The Price of Glory: Verdun 1916, written by Alistair Horne, All Quiet on the Western Front, written by Erich Maria Remarque, and the many letters written by soldiers give several different and similar views of World War 1. The letters written by the soldiers talk about his or her individual problems and how they miss and love his or her families. In The Price of Glory: Verdun 1916, Alistair Horne writes day to day stories about the Battle of Verdun and of soldiers discussing his or her feelings at that point. Erich Maria Remarque writes in All Quiet on the Western Front about the relationships between the German soldiers. In The Price of Glory: Verdun 1916, Alistair Horne writes day to day stories of soldiers discussing his or her feelings at that point. He describes the soldiers' terrible conditions and incorporates part of his or her letters describing what they saw.
"The compressed area of the battlefield became an open cemetery in which every square foot contained some decomposed piece of flesh: You found the dead embedded in the walls of the trenches, heads, legs, and half-bodies, just as they had been shoveled out of the way by the picks and shovels of the working party." This source provides the most detail because it is like a movie script, in that it shows the life of a soldier in World War 1 talking with other soldiers and expressing his or her feelings about the war. It focuses on one battle, the Battle of Verdun, instead of the entire war. In many of the letters, the soldiers wrote about his or her own experiences throughout the war. As a source, the letters are both useful and not. The good thing about the letters is that they show how the soldiers felt about the war and how they were able to deal with the constant fighting and the conditions they were in. "It goes on from day to day: alternately awful marches and then a whole day's inactive vegetating; heat and cold; too much to eat and then a long spell of hunger." The downside is that they do not give an overview of the war or tell the reader what is happening everywhere else at all times.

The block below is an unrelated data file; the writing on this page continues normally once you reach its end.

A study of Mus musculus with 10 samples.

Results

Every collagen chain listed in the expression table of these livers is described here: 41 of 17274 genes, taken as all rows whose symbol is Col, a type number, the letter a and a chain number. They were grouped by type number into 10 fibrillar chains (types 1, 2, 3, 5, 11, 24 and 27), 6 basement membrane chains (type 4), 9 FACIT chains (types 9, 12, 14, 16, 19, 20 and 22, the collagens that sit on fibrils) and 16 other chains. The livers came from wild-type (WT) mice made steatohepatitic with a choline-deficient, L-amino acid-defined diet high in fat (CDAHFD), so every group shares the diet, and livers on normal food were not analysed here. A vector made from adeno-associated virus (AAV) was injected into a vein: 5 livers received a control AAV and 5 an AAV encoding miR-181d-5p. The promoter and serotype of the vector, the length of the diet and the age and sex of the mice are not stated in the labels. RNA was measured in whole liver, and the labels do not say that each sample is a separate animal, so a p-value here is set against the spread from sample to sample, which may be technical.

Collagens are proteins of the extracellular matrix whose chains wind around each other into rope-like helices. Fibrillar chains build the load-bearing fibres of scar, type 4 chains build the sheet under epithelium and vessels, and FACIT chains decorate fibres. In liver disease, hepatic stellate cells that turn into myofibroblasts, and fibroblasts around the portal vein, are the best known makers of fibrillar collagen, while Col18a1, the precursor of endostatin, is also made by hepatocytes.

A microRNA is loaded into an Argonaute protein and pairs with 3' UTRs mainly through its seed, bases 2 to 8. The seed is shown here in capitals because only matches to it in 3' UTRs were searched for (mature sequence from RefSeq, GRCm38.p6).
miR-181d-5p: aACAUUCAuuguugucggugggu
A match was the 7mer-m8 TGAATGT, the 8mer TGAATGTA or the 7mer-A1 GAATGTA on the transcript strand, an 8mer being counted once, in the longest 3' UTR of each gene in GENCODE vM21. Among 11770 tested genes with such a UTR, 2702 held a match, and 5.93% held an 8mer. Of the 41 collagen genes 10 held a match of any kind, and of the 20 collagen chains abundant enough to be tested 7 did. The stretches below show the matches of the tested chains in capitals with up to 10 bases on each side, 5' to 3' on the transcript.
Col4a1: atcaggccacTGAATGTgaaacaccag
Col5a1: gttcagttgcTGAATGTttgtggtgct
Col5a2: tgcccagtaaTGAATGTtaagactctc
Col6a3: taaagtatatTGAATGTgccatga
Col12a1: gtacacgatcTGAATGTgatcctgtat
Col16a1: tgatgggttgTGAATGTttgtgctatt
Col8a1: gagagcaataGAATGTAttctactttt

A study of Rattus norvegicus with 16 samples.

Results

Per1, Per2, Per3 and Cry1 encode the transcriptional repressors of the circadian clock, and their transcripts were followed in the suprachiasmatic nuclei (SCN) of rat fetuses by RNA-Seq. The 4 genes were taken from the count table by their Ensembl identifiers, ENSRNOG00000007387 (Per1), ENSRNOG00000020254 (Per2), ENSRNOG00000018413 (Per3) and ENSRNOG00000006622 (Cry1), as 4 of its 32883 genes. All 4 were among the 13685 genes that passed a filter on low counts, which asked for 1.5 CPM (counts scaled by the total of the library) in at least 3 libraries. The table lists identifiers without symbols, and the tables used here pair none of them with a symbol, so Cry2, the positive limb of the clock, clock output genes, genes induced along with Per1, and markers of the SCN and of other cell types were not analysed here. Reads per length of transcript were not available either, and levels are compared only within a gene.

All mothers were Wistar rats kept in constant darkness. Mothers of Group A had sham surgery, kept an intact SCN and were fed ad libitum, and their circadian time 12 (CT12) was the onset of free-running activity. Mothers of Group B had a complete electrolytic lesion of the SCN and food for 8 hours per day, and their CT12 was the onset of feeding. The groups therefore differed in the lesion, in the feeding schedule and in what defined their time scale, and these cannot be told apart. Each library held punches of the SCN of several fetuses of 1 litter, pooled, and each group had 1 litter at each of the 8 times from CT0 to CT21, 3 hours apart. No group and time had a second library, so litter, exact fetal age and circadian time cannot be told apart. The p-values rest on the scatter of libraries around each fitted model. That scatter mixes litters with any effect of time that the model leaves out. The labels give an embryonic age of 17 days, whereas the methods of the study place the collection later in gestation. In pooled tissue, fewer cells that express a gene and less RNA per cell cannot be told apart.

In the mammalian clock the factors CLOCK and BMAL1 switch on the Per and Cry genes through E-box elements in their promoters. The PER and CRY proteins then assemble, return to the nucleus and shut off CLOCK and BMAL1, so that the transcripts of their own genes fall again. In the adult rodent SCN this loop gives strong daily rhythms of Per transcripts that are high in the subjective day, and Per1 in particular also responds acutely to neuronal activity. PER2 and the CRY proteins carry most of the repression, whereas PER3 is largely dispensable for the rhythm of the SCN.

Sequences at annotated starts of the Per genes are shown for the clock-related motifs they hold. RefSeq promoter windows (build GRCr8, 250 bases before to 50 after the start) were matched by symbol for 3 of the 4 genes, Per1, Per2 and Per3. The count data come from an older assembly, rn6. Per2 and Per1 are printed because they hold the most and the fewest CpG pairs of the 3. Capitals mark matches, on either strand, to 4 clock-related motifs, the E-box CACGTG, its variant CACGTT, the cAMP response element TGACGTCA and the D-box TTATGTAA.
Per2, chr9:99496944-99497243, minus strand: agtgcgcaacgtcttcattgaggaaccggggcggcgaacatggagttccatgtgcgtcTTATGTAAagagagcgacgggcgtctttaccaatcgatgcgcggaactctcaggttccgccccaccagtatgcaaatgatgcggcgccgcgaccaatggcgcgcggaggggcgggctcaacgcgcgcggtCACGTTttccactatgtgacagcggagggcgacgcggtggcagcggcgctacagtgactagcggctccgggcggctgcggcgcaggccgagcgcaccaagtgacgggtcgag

These letters best convey what the soldiers experienced and felt because instead of historians writing about what they thought the soldiers experienced, it was the actual soldiers expressing what they were going through during the war. In All Quiet on the Western Erich Maria Remarque writes about what German soldiers went through and about the relationships between one another. In his book, the narrator is a German soldier who tells the reader a very detailed story about his current days in World War 1. He writes dialogues between the troops and describes all of the other soldiers. "Close behind us were our friends: T jaden, a skinny locksmith of our own age, the biggest eater of the company.
He sits down to eat as thin as a grasshopper and gets up as big as a bug in the family way; Have West hus, of the same age, a peat-digger, who can easily hold a ration-loaf in his hand and say: Guess what I've got in my fist... ." . "He glanced into the dixie. 'The beans look good.' Ginger nodded. 'Cooked with meat and fat.' ." This source is written almost like a journal and has a dialogue. It provides the most detail of one man's life in the war without nearly as much fighting and bloodshed as the other two sources.
The downside to this source is that it doesn't tell the reader what was happening with the French or what was going on with the rest of the German army. The source that is most reliable is The Price of Glory: Verdun 1916, by Alistair Horne, because even though it focuses on only one battle, Horne writes about the actual combat with such great detail. He doesn't have a soldier be a narrator but instead has it come from the voice of a historian with quotes from soldiers about his / her point of view. All together, the three sources do not provide an overall view of what happened throughout the war because two sources are about soldier's individual stories and the other source is about only one battle.
The three sources, The Price of Glory: Verdun 1916, written by Alistair Horne, All Quiet on the Western Front, written by Erich Maria Remarque, and the many letters written by soldiers, give different and similar views of World War 1. All Quiet on the Western Front and the soldiers' letters are written in a similar way in that they both have soldiers telling a story with great detail. The Price of Glory: Verdun 1916 focuses on the constant combat between the French and the Germans. Bibliography: 1. Horne, Alistair.
The Price of Glory: Verdun 1916. London: Macmillan, 1978. 2. Remarque Maria, Erich. All Quiet on the Western Front. New York: Fawcett Books.
1929. 3. Wedd, A. F. German Students' War Letters. London: Methuen.